Gene therapy effective in helping children with severe combined immunodeficiency (SCID)

A UK study in this week’s issue of THE LANCET provides further evidence that gene therapy can be effective in creating a functional immune system for infants with severe combined immunodeficiency (SCID).

SCID represents a group of rare, sometimes fatal, congenital disorders characterized by little or no immune response. The defining feature of SCID, commonly known as "bubble boy" disease, is a defect in the specialized white blood cells (B- and T-lymphocytes) that defend us from infection by viruses, bacteria and fungi. Without a functional immune system, SCID patients are susceptible to recurrent infections such as pneumonia, meningitis and chicken pox, and can die before the first year of life.

Though invasive, new treatments such as bone marrow and stem-cell transplantation save as many as 80% of SCID patients. This leaves individuals at high risk of infection, as documented many years ago by the patient, David Vetter, who lived in a ‘bubble’ for 12 years to prevent infection from the external environment. At the age of 12, David underwent a bone marrow transplant — the known cure for SCID — using his sister’s marrow. Although the goal of the procedure was to stimulate the growth of his immune system, David died Feb. 22, 1984, from a cancerous infection, an unfortunate consequence of the transplant.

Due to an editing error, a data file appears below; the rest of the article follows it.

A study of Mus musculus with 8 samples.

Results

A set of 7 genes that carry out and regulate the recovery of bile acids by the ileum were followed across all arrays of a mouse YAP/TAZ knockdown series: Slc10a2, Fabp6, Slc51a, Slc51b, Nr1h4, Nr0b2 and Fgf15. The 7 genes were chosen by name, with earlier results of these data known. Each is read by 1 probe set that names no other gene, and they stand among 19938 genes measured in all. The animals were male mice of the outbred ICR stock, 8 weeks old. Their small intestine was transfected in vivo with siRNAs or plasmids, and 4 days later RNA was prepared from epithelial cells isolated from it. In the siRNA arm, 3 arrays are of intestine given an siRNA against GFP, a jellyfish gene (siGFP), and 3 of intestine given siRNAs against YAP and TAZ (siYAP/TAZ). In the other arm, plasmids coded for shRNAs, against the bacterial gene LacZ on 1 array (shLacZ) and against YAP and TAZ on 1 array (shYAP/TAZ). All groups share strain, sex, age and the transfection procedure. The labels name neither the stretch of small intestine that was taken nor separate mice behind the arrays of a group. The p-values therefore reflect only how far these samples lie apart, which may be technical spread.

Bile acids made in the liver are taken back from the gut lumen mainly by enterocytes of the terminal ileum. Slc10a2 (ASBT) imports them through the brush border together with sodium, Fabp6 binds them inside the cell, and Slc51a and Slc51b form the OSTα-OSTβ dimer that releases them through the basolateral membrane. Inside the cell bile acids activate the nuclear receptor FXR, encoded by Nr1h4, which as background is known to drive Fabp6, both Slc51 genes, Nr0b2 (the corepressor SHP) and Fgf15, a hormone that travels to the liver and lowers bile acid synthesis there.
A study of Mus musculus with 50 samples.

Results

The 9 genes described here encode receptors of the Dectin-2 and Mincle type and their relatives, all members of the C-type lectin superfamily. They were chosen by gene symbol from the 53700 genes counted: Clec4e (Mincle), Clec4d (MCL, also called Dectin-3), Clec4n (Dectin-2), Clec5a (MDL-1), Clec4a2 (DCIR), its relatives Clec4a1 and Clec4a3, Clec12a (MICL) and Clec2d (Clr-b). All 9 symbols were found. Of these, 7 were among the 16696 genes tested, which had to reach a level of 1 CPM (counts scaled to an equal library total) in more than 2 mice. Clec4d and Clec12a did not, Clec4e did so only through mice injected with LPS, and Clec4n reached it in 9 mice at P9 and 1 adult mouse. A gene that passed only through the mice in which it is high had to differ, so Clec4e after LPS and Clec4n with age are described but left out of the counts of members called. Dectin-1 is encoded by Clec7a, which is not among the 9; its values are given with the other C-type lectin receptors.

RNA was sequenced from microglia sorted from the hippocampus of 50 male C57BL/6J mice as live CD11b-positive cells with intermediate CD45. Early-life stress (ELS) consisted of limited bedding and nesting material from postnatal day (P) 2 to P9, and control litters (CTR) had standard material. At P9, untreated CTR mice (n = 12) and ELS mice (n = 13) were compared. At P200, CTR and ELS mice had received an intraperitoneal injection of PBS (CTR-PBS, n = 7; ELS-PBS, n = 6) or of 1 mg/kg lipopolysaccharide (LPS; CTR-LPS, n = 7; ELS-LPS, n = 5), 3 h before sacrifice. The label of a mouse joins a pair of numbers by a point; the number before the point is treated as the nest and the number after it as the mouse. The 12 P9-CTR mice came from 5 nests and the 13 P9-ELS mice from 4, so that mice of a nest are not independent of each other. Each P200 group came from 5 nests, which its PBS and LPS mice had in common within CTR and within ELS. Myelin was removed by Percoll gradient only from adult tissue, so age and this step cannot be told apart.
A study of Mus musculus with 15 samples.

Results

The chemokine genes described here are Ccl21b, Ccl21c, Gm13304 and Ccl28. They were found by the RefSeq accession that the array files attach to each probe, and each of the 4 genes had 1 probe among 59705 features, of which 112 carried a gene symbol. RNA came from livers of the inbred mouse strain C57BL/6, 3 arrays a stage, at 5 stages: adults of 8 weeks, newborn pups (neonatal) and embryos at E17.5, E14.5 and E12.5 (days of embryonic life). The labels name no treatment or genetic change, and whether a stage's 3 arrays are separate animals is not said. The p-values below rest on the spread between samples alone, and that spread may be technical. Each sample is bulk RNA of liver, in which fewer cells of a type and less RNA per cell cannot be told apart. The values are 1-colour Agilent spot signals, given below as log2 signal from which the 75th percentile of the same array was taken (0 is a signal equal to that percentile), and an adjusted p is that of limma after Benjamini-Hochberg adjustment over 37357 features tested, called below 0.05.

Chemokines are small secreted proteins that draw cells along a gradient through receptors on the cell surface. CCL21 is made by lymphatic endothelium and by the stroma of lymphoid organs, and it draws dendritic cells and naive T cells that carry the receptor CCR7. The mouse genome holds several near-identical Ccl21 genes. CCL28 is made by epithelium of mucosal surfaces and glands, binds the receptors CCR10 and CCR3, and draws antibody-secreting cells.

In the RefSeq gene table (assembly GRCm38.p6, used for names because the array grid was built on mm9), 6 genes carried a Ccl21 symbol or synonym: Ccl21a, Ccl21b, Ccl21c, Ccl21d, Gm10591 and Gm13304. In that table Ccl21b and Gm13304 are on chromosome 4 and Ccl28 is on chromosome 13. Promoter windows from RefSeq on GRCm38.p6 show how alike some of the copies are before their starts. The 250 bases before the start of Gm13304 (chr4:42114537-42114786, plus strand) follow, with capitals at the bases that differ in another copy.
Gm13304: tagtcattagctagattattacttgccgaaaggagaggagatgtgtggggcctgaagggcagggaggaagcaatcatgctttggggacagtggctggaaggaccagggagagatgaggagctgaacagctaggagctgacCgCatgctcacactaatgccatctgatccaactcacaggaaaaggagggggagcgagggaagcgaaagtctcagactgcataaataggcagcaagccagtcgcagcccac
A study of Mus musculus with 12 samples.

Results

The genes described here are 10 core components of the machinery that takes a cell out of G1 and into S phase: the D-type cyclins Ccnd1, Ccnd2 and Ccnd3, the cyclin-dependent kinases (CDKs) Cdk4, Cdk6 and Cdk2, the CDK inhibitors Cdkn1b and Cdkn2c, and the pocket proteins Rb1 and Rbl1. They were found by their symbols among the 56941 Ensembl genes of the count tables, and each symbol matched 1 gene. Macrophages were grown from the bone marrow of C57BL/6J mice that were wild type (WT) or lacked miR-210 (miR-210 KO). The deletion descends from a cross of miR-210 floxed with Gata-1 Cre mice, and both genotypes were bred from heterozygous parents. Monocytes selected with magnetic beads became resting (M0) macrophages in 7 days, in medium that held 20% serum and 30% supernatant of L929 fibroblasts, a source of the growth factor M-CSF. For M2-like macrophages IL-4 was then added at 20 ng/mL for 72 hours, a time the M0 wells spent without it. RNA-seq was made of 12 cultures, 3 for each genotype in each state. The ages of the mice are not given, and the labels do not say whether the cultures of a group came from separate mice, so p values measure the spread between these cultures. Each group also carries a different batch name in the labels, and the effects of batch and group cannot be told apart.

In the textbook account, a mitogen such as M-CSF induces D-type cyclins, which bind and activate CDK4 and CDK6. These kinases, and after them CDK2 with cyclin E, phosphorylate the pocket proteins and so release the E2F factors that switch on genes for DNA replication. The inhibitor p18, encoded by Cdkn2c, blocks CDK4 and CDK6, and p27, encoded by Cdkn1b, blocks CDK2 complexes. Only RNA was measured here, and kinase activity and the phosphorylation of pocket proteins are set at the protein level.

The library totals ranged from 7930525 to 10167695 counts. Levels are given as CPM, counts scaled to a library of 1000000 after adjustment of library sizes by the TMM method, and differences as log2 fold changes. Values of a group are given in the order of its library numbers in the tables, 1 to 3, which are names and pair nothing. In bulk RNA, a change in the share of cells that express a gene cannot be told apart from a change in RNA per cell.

In the latest study, 4 children with SCID had stem cells removed from their own bone marrow; the relevant ‘good’ gene was identified from bone-marrow cells and spliced into a leukaemia virus. This virus was then introduced back into the patients where the gene was replicated. Almost normal immune functioning became established in all 4 patients after the procedure.

Lead investigator Adrian Thrasher (Institute of Child Health, London) comments: “At last follow up, all patients were at home in normal family and social environments, without restrictions on activities or exposure.”

An accompanying commentary (p 2155) by Marina Cavazzana-Calvo and Alain Fischer (Hôpital Necker-Enfants Malades, Paris, France) discusses all clinical research done in this field: ‘Remarkably, 17 of these 18 patients had their immunodeficiencies corrected with clear and sustained clinical benefits. The data show that the results of this gene-therapy strategy are reproducible.’


The opinions expressed here are the views of the writer and do not necessarily reflect the views and opinions of News Medical.